The project, Alfa Romeo C8 Spyder, started as a personal challenge in order to improve my modelling techniques and final renders. The modelling of cars has always attracted and fascinated me, and this is what I specialise in. I have created some car models and the treatment of each finished model is better than the previous one.
I choose this model for this personal project because, from the very first time I saw it in a car magazine, my attention was simply drawn to its form. It decided it was time to bring it into the world of 3D!
I started by searching for all possible references of this model, which didn't really take me too long as there are lots of very good images on the Internet. Despite this, I couldn't find any pictures of the Spyder model itself and so I had to use pictures of the model with a hard roof instead. From all the reference material I had gathered, I selected three images in order to create the "blueprints" from which I could begin the modelling phase.
I began by putting the blueprints into the viewport: front view, side view and rear view. I did not have an image of the top of the model of my choice, so I had to model this section of the car without using any references (Fig.01).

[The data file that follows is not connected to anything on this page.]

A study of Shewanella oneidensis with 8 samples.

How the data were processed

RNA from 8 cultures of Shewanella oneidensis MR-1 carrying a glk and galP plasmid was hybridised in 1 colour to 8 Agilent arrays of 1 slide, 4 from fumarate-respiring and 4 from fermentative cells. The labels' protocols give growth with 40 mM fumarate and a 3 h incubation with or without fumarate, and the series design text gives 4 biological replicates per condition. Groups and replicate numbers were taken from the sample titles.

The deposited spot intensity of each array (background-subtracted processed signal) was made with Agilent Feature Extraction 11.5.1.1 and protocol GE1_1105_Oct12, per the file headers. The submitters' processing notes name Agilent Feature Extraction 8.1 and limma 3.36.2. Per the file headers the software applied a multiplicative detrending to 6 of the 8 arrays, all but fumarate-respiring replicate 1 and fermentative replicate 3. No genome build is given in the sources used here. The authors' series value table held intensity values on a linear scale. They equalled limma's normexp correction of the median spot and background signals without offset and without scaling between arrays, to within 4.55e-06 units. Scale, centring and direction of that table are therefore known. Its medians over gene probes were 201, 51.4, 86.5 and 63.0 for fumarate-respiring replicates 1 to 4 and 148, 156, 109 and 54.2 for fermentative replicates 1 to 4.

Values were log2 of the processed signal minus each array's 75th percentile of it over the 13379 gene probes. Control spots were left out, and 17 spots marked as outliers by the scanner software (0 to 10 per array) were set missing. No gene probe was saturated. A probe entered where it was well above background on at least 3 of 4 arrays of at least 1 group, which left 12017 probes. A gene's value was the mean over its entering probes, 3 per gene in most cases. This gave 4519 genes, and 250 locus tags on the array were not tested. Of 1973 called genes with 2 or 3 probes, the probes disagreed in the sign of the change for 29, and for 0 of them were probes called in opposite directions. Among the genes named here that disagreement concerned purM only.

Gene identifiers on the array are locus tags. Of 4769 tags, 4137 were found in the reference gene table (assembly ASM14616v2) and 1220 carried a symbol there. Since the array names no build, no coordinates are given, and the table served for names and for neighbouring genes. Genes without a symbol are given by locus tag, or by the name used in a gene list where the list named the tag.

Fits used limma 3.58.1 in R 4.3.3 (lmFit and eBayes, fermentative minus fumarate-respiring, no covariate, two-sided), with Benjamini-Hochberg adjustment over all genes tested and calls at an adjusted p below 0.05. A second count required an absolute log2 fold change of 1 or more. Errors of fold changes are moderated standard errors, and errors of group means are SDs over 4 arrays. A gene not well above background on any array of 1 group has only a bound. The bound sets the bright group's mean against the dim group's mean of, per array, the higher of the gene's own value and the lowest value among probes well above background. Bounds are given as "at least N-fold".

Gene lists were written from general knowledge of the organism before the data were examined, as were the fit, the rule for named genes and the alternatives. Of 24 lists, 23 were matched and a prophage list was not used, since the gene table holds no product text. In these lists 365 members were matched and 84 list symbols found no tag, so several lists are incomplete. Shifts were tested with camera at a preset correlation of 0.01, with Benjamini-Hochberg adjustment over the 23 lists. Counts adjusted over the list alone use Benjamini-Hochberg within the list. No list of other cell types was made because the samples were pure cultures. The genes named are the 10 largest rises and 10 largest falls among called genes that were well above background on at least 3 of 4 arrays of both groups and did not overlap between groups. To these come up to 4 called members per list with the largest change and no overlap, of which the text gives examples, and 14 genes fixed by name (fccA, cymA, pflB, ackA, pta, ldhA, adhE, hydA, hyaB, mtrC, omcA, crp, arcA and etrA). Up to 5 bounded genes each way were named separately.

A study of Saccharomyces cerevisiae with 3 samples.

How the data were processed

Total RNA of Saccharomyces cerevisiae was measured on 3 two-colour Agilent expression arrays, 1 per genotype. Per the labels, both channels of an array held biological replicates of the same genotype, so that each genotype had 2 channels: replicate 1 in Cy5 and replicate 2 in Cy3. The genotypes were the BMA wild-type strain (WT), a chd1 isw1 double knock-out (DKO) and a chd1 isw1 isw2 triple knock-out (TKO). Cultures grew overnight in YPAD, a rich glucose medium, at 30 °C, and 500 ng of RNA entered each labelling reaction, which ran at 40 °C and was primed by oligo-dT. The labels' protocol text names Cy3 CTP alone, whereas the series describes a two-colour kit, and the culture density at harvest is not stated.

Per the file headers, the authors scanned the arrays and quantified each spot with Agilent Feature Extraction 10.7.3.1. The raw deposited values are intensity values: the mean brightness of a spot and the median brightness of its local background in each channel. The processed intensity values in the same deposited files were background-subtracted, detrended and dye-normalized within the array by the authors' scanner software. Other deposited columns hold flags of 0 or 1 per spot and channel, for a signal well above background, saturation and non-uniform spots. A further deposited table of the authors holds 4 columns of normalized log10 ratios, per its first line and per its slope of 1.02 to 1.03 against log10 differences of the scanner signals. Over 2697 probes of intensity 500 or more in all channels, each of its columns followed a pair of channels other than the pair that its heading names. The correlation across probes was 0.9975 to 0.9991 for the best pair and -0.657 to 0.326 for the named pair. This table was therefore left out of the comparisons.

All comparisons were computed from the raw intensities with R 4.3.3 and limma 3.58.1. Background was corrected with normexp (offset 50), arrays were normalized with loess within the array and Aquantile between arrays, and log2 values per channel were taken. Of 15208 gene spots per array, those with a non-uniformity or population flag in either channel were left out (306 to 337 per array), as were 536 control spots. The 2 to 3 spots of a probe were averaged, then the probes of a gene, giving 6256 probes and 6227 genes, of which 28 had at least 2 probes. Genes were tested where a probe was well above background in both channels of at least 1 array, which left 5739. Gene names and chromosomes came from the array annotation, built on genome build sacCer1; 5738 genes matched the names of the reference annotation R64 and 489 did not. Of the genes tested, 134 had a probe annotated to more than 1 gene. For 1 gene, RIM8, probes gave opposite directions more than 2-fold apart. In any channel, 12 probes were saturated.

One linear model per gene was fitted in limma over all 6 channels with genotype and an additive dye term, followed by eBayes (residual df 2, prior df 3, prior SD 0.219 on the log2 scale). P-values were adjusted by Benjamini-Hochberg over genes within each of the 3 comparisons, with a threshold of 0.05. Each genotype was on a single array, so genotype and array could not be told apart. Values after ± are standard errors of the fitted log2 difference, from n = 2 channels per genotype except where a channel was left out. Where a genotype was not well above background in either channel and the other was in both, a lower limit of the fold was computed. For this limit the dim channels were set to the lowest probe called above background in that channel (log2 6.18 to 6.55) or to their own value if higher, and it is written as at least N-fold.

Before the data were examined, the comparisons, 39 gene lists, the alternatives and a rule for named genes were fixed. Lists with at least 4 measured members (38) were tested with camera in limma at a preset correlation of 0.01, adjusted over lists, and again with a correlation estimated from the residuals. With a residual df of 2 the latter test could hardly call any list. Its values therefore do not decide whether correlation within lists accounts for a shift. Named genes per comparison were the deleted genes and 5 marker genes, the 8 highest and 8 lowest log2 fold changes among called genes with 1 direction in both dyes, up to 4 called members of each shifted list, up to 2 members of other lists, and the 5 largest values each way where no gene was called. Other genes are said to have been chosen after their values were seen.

All parts of the car were created using the polygonal modelling technique, starting from the front bumper (Fig.02). I began with a plane of a single face, converted to Editable Poly (Fig.03). The plane was placed in front view and, selecting the edge side, I started to extrude along the lines of the car, following the blueprint in front view. With the upper edge, I took this upwards toward the hood of the car, so I was shaping the body of the model (Fig.04).
All parts, such as the bumper, doors, and windows and so on, were exactly the same shape: a one-sided plane that, once turned into an Editable Poly, allowed me to extrude the edges and shape the basic form of the objects, and then add the details (Fig.05).
For the modelling of the tyres, I tried to spell them out as much as possible by giving more attention to the small details, such as the brake disc and bolts. As a personal touch, I always exaggerate the size of the wheels slightly, with the purpose of further accentuating the look of a sports car (Fig.06, Fig.07 and Fig.08).